U.S. politicians make final push to avoid 'fiscal cliff'
$600B US worth of tax hikes, spending cuts scheduled to go into effect Jan. 1
U.S. President Barack Obama and members of Congress prepared for one last try to avert across-the-board tax increases and spending cuts known as the fiscal cliff, as the U.S. Treasury Department warned Wednesday that it will begin taking action to prevent the government from hitting its debt limit.
Treasury Secretary Timothy Geithner said in a letter to congressional leaders that the department will use accounting measures to save approximately $200 billion. That could keep the government from reaching the debt limit -- which is embroiled in the fiscal cliff talks — for about two months.
The move comes as Obama and the Republican congressional leadership resume negotiations that hit a stalemate last week over how to avoid the fast approaching fiscal cliff, which some economists warn could cause another recession after it takes effect in the new year. Obama decided to cut short his Hawaii vacation for an overnight flight expected to get him back to the White House on Thursday. But Congressional officials said Wednesday they knew of no significant strides toward a compromise over a long Christmas weekend, and no negotiations have been set.
Obama has sought to include an increase in the borrowing limit in the talks. But House of Representatives Speaker John Boehner and other Republican leaders have demanded concessions in return.
The Senate is due in session Thursday, although the immediate agenda includes other matters. The House has no plans to convene, following last week's rebellion in which conservatives torpedoed Boehner's legislation to prevent scheduled tax increases on most, while letting them take effect on million-dollar wage earners.
Obama wants increased taxes on $400K a year salaries
Obama insists that no tax cuts be extended for anyone earning over $400,000 US per year.
Geithner said the negotiations over tax and spending policies make it difficult to predict how long he can delay reaching the borrowing limit. The absence of a specific timeframe may be intended to pressure Republicans to allow a debt limit increase in a potential budget deal.
For now, Treasury will take several steps to delay reaching the limit. Geithner said it will stop selling Treasury securities used by state and local governments to support their own sales of tax-exempt bonds. That will keep the department from accumulating more debt.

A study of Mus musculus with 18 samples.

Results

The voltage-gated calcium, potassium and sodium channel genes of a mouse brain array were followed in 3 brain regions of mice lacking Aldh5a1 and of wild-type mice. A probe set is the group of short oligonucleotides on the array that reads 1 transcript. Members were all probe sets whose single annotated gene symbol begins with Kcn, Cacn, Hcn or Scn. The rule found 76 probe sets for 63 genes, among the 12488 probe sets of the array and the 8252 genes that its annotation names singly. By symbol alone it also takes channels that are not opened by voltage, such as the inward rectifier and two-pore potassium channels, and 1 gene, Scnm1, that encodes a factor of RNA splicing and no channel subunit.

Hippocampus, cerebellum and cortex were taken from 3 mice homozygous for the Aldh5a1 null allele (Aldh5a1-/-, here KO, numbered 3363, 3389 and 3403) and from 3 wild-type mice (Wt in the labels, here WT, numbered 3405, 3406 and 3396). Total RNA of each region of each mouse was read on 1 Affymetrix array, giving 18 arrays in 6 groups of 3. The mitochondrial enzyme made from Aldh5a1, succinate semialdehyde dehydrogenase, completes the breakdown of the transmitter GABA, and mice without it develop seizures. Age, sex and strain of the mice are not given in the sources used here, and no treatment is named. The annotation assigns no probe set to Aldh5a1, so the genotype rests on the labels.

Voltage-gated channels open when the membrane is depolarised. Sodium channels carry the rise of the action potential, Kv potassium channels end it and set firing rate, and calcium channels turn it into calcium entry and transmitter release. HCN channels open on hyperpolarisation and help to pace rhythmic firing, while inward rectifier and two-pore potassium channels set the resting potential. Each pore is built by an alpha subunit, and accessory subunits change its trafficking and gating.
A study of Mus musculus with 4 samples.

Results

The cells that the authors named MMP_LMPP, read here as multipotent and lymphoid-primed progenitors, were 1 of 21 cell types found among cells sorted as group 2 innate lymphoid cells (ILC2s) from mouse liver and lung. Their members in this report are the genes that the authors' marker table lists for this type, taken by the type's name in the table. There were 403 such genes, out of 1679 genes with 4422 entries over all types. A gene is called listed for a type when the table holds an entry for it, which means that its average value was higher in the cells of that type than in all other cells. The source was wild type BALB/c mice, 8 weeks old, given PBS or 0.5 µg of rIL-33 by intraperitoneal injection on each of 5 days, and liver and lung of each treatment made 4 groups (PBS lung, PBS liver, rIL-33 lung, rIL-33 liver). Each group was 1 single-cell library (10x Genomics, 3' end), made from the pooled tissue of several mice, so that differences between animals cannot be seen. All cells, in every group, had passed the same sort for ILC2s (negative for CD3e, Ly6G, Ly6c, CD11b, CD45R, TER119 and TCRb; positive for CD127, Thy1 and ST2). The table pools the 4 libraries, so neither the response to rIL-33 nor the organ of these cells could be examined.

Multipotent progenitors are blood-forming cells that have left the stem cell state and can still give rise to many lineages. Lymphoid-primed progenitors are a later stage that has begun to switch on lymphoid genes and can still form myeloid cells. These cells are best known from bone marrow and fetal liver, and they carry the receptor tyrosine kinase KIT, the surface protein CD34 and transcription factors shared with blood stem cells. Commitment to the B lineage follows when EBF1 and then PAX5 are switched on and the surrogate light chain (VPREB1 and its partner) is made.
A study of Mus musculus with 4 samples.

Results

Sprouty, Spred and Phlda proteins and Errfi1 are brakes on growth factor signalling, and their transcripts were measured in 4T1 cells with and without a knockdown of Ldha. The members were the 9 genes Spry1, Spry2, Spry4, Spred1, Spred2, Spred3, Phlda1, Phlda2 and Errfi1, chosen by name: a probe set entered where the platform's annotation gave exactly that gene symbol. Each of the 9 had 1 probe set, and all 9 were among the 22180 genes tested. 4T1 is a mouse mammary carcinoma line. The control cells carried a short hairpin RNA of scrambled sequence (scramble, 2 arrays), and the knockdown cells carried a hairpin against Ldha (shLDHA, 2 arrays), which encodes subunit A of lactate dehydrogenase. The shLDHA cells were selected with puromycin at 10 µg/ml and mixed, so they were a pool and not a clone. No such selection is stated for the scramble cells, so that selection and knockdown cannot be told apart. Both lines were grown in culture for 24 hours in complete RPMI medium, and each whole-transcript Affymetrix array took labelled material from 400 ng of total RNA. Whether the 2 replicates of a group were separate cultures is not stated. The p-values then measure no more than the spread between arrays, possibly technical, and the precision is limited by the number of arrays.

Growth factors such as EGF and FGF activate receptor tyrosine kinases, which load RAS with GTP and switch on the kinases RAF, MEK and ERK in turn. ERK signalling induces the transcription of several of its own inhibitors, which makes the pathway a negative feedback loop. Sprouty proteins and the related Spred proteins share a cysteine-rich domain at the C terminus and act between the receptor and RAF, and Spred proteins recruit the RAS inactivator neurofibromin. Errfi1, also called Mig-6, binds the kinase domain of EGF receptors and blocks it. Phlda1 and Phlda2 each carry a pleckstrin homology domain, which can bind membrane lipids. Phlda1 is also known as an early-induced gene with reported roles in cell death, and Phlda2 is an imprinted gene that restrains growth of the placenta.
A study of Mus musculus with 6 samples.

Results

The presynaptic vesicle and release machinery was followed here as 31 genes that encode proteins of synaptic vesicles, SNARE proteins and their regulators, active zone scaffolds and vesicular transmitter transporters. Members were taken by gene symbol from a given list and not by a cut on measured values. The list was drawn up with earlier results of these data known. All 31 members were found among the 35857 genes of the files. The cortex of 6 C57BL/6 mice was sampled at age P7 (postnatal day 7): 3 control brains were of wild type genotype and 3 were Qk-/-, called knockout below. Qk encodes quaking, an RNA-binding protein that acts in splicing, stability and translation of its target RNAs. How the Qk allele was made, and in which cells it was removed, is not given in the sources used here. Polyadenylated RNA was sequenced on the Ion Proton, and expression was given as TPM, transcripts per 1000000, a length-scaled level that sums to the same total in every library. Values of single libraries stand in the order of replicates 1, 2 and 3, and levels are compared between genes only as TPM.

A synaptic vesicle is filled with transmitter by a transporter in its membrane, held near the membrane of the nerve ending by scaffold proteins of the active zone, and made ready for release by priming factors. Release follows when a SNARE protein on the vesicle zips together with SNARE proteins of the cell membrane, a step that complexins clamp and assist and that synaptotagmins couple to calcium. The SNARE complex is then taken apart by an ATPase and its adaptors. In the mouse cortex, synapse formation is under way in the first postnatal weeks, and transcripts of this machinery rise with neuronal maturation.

And the department will stop investing in government retirement funds.
The two sides may strike a short-term agreement before New Year's that postpones spending cuts until spring. And even if New Year's passes with no deal, businesses and consumers would not likely panic as long as some agreement seemed imminent. The $671 billion in tax increases and spending cuts could be retroactively repealed.
Also, the impact of the tax increases would be felt only gradually, with most people receiving slightly less money in each paycheque.
"The simple conclusion that going off the cliff necessarily means a recession next year is wrong," says Lewis Alexander, an economist at Nomura Securities. "It will ultimately depend on how long the policies are in place."
Debt piled up over decades
The borrowing limit is the amount of debt the government can pile up. The government accumulates debt two ways: It borrows money from investors by issuing Treasury bonds, and it borrows from itself, mostly from Social Security revenue.
In 2011, Congress raised the limit to nearly $16.4 trillion from $14.3 trillion. Three decades ago, the national debt was $908 billion. But Washington spent more than it took in, and the debt rose steadily — surpassing $1 trillion in 1982, then $5 trillion in 1996. It reached $10 trillion in 2008 as the financial crisis and recession dried up tax revenue and as the government spent more on unemployment benefits and other programs.
In August 2011, the rating agency Standard & Poor's stripped the U.S. government of its prized AAA bond rating because it feared that America's dysfunctional political system couldn't deliver credible plans to reduce the federal government's debt. S&P decried American "political brinksmanship" and concluded that "the differences between political parties have proven to be extraordinarily difficult to bridge."
A year and a half later, the two political parties are still as deadlocked as ever.
Despite S&P's warnings and the political stalemate, investors still want U.S. Treasurys. Given economic turmoil in Europe and uncertainty elsewhere, U.S. government debt and U.S. dollars look like the safest bet around.
That is why the interest rate, or yield, on 10-year Treasury notes has fallen from 2.58 Aug. 5, 2011 to 1.75 per cent Wednesday.